Any moderately well-informed person understands that what we generically call the "unemployment rate" is unadulterated bullplop. Through the neat accounting trick of reclassifying the long-term unemployed (6 months or more) as no longer part of the workforce is based on the quaint notion that anyone unemployed for half a year has stopped trying to find a job. The official rate, then, masks a shadow population of long-term unemployed that, if counted, would likely double the official rate.
The never-reported U6 unemployment rate, which accounts for long-term and "discouraged" unemployed, is currently hovering between 16% and 17% compared to the official (U3) rate of about 9.5%. An honest economist will tell you that even the government's U6 rate is understated, as there are a greater number of long-term unemployed (including some who have never been employed) floating around outside of what we define as the labor force. If we could really count everyone – unemployed, part timers who can't find full time, discouraged workers who have stopped trying, etc. – we're probably looking at something like 1 in 5 adults who could be working but are not.
Even that understates the problem. Consider this unremarkable, back page news item about automaker BMW's distribution center in California. It is being closed and outsourced. Were it outsourced to a foreign country, its employees would probably end up in the unemployment statistics eventually (for a short time, if nothing else). It isn't heading to Mexico, though. The distribution center is being outsourced to a contractor that will operate the warehouse with the usual perks of subcontracting – namely a high turnover, $9/hr workforce – instead of the 20+ year veteran BMW employees.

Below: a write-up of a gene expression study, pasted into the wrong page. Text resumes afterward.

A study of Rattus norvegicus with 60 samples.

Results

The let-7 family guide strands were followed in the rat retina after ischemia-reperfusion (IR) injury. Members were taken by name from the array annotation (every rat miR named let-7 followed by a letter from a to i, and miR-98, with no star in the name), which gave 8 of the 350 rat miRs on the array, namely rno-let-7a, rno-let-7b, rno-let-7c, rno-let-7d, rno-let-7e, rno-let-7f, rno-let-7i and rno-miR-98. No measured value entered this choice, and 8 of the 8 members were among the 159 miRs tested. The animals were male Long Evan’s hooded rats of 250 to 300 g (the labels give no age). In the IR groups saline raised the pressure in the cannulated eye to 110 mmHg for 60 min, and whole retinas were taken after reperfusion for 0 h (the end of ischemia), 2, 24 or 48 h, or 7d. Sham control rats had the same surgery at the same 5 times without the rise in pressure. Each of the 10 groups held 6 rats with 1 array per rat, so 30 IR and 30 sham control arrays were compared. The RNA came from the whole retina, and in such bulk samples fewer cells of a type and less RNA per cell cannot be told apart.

This incident isn't exactly national news. We're talking about approximately 75 employees. Maybe the old BMW workers will go to work for the contractor doing the same job for 33% of their old salary. Maybe they'll be replaced by different workers. Either way the unemployment numbers over which we all obsess do nothing to capture what happened here, and what happened here is more damaging to the macroeconomy than plain old unemployment. There's no net job loss. It's merely a transition from 75 good jobs to 75 shit ones, from 75 people who are productive in the economy to 75 who live paycheck-to-paycheck as the working poor.
I can't tell which is worse, from the perspective of both the individual and the economy as a whole: being unemployed for a while but eventually finding a decent job or being continuously employed but "downgraded" from middle class to working poor status. Since the 1980s the unemployment statistics have been used to cover up what is too often happening to the employed. We can trumpet that 5% unemployment rate that we have in "normal" times all we want, but it is little more than a layer of paint over a workforce that is rusting from the inside out. There's little benefit to a low unemployment rate if the workforce is occupying itself by serving one another fast food.